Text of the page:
Beefy Boxes and Bandwidth Generously Provided by pair Networks
No such thing as a small change

Re (tilly) 1: What Happened...(perils of porting from c)

by tilly (Archbishop)
on Jan 05, 2001 at 18:09 UTC ( #50061=note: print w/replies, xml ) Need Help??

in reply to What Happened...(perils of porting from c)

I went and looked.

First of all I strongly suggest using strict up at the top, it will catch even more errors for you. Of course you need to use vars as well.

After that fixing it to work is just a matter of walking through and fixing complaints. You have an extra ')' before a ||. One-line for loops need to either change the format or need the braces. There are a few undeclared variables. A few more cases where // is used instead of # for a comment. A few $ missing. (ie You want --$level rather than --level.) Your final return statement should not be there.

All of this is pretty mechanical, but I am loathe to post the final result since the resulting code is very ugly. A native Perl version of this would be easy to write and would look much nicer. Perhaps if I get some time...

  • Comment on Re (tilly) 1: What Happened...(perils of porting from c)

Replies are listed 'Best First'.
Re: Re (tilly) 1: What Happened...(perils of porting from c)
by Madams (Pilgrim) on Jan 05, 2001 at 19:10 UTC
    Hey thanx for the critique ...

    Added "use strict" , switched to a perl aware editor (boy that caught alot just switching editors)(changed @curlevel to $curlevel..the GOOD editor caught that)

    split up the stmt that had the "||" in it (that somehow fixed that), fixed the munged comments, and that oneline for loop. Now no syntax errors (yeah!)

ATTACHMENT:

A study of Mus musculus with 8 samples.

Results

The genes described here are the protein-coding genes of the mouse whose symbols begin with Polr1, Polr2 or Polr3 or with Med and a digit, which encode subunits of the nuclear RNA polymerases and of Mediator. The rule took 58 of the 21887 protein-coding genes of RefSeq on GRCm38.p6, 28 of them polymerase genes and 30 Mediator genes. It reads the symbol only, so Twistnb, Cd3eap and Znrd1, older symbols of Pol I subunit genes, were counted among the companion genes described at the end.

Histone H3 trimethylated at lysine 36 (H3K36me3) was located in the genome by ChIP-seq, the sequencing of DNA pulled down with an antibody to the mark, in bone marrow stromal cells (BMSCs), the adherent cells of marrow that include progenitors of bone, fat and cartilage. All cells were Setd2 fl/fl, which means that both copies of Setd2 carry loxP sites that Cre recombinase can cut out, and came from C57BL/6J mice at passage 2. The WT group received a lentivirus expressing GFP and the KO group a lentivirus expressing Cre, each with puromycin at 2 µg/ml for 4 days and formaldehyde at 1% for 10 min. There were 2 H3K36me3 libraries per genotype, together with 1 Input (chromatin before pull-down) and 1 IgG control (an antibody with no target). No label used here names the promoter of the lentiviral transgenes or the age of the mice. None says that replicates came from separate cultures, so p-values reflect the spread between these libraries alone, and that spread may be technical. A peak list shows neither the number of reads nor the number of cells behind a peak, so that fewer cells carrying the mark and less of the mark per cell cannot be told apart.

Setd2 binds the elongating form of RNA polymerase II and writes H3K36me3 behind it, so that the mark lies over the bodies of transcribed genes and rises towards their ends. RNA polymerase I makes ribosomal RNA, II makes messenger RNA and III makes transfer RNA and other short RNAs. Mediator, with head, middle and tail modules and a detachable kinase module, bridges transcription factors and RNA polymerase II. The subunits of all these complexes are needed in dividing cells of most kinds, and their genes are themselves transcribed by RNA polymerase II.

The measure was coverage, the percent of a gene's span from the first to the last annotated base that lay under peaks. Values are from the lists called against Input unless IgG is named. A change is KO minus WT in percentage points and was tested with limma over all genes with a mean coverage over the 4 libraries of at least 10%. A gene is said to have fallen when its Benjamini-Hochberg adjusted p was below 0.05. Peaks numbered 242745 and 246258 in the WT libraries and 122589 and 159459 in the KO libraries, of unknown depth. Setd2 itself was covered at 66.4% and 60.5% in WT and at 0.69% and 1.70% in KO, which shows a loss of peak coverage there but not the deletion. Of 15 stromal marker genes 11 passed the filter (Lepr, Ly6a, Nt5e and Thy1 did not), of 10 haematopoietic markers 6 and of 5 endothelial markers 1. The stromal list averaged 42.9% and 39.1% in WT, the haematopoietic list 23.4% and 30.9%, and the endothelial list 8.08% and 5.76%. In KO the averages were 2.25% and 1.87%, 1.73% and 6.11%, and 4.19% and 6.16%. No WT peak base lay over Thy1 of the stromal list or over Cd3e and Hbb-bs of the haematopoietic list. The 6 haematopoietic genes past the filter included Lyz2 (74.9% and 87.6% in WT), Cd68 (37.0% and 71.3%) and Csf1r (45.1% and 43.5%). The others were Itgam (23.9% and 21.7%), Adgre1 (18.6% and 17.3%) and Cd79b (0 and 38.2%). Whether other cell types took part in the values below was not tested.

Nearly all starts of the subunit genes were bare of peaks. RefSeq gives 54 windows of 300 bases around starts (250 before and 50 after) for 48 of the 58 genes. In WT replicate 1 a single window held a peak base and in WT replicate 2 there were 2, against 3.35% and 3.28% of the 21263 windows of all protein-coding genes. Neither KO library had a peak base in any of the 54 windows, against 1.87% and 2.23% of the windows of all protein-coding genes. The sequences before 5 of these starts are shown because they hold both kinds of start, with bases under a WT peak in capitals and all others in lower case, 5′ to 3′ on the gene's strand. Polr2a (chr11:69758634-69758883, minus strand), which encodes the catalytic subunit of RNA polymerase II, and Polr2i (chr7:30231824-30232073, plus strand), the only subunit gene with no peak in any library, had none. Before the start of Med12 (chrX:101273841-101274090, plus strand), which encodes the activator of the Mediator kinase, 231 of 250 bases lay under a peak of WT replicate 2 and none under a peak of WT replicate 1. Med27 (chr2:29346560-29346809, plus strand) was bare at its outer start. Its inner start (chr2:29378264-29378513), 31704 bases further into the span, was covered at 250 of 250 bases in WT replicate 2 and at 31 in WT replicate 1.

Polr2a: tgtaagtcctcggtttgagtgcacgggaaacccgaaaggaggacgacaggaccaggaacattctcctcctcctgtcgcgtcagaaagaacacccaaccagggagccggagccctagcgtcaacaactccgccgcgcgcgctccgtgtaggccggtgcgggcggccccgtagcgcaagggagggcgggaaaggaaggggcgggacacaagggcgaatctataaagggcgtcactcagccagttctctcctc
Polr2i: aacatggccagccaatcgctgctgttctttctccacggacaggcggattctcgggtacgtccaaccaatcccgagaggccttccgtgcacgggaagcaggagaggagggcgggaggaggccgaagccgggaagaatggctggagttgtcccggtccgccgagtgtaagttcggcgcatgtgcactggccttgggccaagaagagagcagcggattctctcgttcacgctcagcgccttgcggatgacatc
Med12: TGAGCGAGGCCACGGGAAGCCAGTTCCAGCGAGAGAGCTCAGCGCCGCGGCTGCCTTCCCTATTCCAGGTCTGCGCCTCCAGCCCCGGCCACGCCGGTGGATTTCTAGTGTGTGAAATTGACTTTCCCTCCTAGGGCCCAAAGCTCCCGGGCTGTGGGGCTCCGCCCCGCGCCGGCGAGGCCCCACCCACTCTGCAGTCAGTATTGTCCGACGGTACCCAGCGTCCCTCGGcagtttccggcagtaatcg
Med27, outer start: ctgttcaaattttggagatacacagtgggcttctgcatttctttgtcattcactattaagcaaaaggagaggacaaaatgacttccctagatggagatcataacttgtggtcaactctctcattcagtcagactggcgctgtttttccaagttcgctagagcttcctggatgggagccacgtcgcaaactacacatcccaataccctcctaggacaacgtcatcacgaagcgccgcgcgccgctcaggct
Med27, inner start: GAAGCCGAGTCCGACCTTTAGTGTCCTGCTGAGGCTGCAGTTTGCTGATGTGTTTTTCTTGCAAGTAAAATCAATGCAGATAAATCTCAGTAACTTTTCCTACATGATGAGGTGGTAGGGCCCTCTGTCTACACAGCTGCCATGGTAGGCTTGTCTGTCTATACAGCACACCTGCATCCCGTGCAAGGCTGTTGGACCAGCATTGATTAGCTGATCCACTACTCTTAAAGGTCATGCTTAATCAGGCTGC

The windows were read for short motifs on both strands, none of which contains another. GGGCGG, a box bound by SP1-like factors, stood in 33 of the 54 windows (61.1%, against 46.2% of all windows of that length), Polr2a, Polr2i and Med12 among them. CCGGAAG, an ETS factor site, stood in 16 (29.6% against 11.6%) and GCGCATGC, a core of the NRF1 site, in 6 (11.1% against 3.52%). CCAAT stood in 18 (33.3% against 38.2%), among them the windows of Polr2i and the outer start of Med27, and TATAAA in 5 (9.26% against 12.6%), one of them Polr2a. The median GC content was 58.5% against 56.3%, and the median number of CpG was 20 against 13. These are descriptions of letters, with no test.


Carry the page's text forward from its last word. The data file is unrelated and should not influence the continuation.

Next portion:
Mostly i am looking for someone to tell me if i got the pointer arithmetic related crap ported right .. when i use the module i'm getting some nonsense output (examples are uploaded to here).

    One thing why get rid of the "return 1;" at the end? every example of writing a module says it should return "1" to signal proper loading.
      The reason for removing the return statement is that you are not supposed to use that outside of functions (eval, do).

      Just end with:

      and it will work.

      As for the pointer logic, sorry. No energy to go through it. It looked like a mess FWIW. I would just use recursion for this problem. (OK, so you take a performance hit.)

Log In?

What's my password?
Create A New User
Domain Nodelet?
Node Status?
node history
Node Type: note [id://50061]
and the web crawler heard nothing...

How do I use this? | Other CB clients
Other Users?
Others studying the Monastery: (2)
As of 2022-05-24 03:36 GMT
Find Nodes?
    Voting Booth?
    Do you prefer to work remotely?

    Results (82 votes). Check out past polls.